Government’s investigation file shows case against US-funded democracy groups stems from clash over money and influence.
The first day of a controversial trial of 43 non-governmental organisation workers accused of working illegally and trying to push American and Israeli interests in Egypt has adjourned in Cairo.
The defendants include 19 Americans and 16 Egyptians, though only seven of the US citizens reportedly remain in the country, where they are prevented from leaving. The others include Serbs, Lebanese, Germans, a Norwegian, a Jordanian and a Palestinian.
Adjourning Sunday’s proceedings, Mohammed Shoukry, the chief judge, said the court will reconvene for the next hearing on April 26.
A prosecutor read the charges against the defendants, alleging that their acceptance of “illicit funds” had “detracted from the sovereignty of the Egyptian state”.
The 14 defendants who did appear, all Egyptians, denied that they had committed the crimes they were charged with.
The charging of the Americans has brought relations between Egypt and the United States to their lowest levels in three decades. US politicians have said they may cut off Egypt’s $1.3 billion in annual military aid if the US citizens are tried.
But on Sunday, none of the Americans appeared in court, according to media reports. Les Campbell, the regional director of one of the accused US organisations, said his group’s foreign employees did not receive official summons from the court, so they would not come.
The case involves five civil society groups that identify themselves as being pro-democracy, four of which are based in the United States.
A senior US official said on Saturday that the administration of Barack Obama, the US president, was in “intense discussions” with Egypt to resolve the legal case “in the coming days”.
Egyptian authorities have responded by blasting what they call US meddling in Egypt’s legal affairs.
Obama has urged Egypt’s military rulers to drop the investigation, and high-level officials, including Martin Dempsey, the joint chiefs chairman, and Republican Senator John McCain, have flown in to Cairo to seek a solution.
The US official, speaking to the Associated Press news agency on condition of anonymity due to the sensivity of the matter, said that Hillary Clinton, the secretary of state, had raised the matter twice in person with her Egyptian counterpart, Mohamed Amr, once, in London and once in Tunisia in the past three days.
On Sunday, Clinton said the US was “evaluating the outcomes” the day’s legal proceedings and that she would say more when that analysis had been completed.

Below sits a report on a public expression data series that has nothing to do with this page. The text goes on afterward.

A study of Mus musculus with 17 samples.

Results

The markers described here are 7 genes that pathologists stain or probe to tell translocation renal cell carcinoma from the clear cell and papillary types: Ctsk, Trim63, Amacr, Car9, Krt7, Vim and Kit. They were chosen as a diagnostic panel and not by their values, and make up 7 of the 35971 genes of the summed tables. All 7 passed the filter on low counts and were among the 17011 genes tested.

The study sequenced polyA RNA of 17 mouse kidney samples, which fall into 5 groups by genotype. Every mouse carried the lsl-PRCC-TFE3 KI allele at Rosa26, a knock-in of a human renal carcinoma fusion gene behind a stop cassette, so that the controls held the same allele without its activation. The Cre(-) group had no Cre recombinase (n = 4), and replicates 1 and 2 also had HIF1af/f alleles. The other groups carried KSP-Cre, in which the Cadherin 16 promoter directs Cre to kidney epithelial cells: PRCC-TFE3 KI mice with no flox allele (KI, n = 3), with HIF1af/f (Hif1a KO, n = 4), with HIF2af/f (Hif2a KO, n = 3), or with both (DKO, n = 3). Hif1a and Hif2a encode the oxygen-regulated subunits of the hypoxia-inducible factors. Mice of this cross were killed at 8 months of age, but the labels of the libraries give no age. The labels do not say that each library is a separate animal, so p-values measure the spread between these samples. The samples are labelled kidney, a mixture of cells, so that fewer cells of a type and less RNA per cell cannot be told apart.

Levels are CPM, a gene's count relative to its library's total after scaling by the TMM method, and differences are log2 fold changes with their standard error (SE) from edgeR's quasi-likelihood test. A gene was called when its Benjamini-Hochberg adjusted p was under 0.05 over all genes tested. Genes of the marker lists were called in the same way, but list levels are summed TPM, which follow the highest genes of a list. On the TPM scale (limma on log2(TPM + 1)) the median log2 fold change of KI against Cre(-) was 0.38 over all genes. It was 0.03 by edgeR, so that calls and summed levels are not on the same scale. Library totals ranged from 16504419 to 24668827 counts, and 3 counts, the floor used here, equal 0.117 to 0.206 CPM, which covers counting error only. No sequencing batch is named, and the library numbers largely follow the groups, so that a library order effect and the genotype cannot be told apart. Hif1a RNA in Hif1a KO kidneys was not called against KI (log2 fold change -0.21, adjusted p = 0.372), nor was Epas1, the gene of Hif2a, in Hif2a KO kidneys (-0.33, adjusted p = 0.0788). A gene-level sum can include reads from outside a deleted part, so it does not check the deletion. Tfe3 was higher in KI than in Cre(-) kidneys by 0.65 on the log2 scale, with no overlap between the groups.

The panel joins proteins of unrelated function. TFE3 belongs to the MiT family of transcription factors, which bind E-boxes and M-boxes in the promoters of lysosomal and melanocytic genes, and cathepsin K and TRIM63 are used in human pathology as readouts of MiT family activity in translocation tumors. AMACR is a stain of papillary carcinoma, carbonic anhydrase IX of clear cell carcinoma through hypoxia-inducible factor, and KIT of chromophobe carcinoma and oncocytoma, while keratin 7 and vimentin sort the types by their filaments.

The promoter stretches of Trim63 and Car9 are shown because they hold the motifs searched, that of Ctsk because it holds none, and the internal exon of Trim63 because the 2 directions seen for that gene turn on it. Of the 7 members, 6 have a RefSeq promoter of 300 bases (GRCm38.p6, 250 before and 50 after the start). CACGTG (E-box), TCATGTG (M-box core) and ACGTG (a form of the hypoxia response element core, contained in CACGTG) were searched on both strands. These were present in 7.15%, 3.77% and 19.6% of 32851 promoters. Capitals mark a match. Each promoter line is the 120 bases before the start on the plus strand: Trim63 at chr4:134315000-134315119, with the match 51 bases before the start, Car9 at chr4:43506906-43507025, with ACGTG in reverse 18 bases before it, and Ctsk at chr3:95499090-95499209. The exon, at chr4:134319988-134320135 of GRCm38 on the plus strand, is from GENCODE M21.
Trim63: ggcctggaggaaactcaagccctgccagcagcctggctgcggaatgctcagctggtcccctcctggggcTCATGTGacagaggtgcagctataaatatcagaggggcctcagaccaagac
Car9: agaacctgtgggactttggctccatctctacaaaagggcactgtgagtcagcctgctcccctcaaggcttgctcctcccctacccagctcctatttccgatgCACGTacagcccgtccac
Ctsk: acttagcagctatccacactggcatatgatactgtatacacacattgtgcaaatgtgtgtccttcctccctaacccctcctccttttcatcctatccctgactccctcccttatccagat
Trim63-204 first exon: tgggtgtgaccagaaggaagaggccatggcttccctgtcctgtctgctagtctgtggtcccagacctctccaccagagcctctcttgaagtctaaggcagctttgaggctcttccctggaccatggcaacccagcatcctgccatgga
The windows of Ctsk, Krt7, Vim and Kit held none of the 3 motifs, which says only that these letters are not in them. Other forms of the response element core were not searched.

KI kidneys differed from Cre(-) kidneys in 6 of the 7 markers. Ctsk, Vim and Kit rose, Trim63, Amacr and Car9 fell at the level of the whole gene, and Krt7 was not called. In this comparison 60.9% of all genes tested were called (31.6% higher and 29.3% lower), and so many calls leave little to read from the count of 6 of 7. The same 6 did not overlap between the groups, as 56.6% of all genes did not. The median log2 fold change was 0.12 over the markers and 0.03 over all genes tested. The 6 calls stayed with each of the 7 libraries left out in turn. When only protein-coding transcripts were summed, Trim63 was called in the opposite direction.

The Americans work for the four US-based groups: the International Republican Institute, National Democratic Institute, International Center for Journalists and Freedom House. The groups have denied wrongdoing.
Sam LaHood, the son of Ray LaHood, the US transportation secretary, is among those not allowed to leave Egypt.
‘Illegal use of funds’
The activists have been charged with the illegal use of foreign funds to foment unrest and operating without a licence. But the investigation fits into a broader campaign by Egypt’s rulers against alleged foreign influence since the fall of Hosni Mubarak last year.
Rights groups have sharply criticised the investigation into the groups and the charges, saying they are part of an orchestrated effort by Egyptian authorities to silence groups critical of the military rulers.
“Of course this trial is politicised. We proved during the investigation that we didn’t do anything,” one of the defendants, Islam Shafiq, told AFP after the hearing. Shafiq works as a financial manager with the US-based International Centre
Egyptian officials have said the trial has nothing to do with the government and is in the judiciary’s hands.
Egyptian officials have blamed continuing unrest in their country on foreign interference they attribute, in part, to the organisations.
Ashraf El-Ashmawi and Sameh Abu Zeid, the two judges handling the cases, said the charges could lead to five-year prison sentences.
“These organisations conducted unlicensed and illegal activities without the knowledge of the Egyptian government,” said El-Ashmawi. “Documents confiscated during the raids on the NGOs offices confirm illegal foreign funding.”
The state-run Al-Ahram daily reported that some of the computers seized in the raid in December 2011 had sensitive
information affecting Egypt’s national security.
The US state department says that seven of the 19 Americans facing trial have been barred from leaving Egypt by the country’s attorney general.